The crimes of theft and robbery can easily be confused because both involve taking someone else's money or property. However, while theft and robbery share some characteristics, the offenses are quite different.
Theft is a crime against property, whereas robbery is a crime against a person. Robbery encompasses a theft (or attempted theft) plus force or intimidation. It is the use or theft of force that makes robbery, in most cases, the more serious crime.
This article will review the definitions and penalties for theft and robbery, along with the similarities and differences between the two crimes. (Burglary also shares similarities with these two crimes. To learn more, check out this article on the differences between robbery and burglary.)
Theft—called larceny in some states—is a broad term that can cover a wide variety of criminal offenses. For example, shoplifting and stealing a motorcycle are both forms of theft.
The typical elements of theft or larceny are a person:
In many states, theft or larceny can be either a felony or a misdemeanor, depending on the type of stolen property or its value. Misdemeanor thefts might be referred to as petty or petit theft and involve stolen property valued under $1,000 or $2,000. A person convicted of petty theft might face up to a year in jail or spend time on probation. Felony thefts—also called grand theft—involve any amount over the misdemeanor threshold. Grand theft can involve a wide range of sentences from a couple of years to a decade or more in prison. States vary considerably when it comes to theft penalties.
Robbery refers to stealing or attempting to steal something from a victim by force or intimidation.
The typical elements of robbery are someone taking money or property:
A robbery could involve a bank holdup, carjacking, or even a purse snatching.
In most cases, robbery is a felony, and a conviction can result in significant prison time, especially if a weapon was involved (armed robbery). A person convicted of robbery could easily face a 10- to 30-year prison sentence. Generally, sentencing laws also consider robbery a crime of violence. In some states, a crime of violence conviction impacts probation or parole eligibility, enhances charges for future crimes, or carries mandatory sentences.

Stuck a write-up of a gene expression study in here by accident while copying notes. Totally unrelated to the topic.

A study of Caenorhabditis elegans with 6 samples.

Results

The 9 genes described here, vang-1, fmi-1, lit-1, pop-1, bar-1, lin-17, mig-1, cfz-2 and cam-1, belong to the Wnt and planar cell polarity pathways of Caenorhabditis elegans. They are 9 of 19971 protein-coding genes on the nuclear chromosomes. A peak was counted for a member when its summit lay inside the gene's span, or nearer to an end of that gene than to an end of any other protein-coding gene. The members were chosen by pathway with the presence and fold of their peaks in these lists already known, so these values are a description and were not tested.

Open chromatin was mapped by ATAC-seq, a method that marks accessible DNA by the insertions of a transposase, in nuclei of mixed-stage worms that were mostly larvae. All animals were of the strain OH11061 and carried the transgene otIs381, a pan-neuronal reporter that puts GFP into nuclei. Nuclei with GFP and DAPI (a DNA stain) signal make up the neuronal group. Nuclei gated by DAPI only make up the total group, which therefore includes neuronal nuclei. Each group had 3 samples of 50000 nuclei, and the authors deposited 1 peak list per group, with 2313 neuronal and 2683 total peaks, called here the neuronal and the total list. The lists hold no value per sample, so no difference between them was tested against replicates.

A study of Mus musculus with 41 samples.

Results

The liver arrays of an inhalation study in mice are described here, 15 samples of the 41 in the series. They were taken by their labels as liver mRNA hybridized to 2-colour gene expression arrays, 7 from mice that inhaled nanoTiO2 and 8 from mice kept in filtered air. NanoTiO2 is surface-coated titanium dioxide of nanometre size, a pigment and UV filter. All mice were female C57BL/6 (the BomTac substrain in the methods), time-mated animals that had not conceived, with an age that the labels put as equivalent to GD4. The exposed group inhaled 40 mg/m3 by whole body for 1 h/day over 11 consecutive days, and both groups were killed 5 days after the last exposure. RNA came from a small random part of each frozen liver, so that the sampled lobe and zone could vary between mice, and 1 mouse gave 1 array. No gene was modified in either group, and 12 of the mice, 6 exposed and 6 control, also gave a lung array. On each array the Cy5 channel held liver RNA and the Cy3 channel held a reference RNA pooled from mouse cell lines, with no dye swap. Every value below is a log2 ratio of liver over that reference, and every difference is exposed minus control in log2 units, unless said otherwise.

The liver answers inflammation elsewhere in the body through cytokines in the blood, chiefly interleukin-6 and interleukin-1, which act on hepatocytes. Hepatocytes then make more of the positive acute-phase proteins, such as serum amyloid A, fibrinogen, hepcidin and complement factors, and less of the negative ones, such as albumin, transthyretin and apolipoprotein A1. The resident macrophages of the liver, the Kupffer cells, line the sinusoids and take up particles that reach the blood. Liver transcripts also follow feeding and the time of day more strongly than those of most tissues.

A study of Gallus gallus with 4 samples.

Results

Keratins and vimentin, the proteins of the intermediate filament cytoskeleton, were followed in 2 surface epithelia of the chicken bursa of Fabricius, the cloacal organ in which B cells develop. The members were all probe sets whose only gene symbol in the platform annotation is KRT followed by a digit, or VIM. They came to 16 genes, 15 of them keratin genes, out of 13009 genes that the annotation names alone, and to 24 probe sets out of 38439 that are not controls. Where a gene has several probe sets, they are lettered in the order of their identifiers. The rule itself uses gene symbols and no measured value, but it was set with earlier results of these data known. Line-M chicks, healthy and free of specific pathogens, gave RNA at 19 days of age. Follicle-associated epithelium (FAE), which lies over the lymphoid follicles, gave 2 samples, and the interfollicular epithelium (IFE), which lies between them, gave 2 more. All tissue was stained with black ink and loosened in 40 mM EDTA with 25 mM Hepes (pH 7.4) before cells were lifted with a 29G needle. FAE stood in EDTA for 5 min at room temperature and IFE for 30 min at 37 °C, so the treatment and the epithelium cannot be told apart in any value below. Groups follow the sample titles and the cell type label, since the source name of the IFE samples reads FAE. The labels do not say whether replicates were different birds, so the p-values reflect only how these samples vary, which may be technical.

Robbery and theft differ in several respects, but the key difference that makes robbery the more serious offense is the potential for physical harm to a victim.
Person vs. property offense. As noted above, theft is a crime against property, whereas robbery is a crime against a person. This factor alone makes robbery more serious than theft.
Violent vs. nonviolent offense. Both theft and robbery involve taking or attempting to take money or property without permission. But theft doesn't involve violence, whereas the crime of robbery requires force or the threat of force.
Victim presence. Robbery, unlike theft, entails taking property directly from or in the presence of a person, which places the victim in the path of direct harm.
Penalties. The penalties for theft and robbery reflect the potential for physical harm and violence to a victim. Robberies generally start as felonies, and a defendant convicted of robbery will likely see prison time. Thefts, on the other hand, can result in misdemeanor penalties. Even for felony theft, a person may potentially receive probation and spend little time behind bars.
The elements of crimes and their potential punishments can vary from state to state. For more on the differences between theft and robbery, or to learn about the laws in your area, consult an experienced criminal defense lawyer.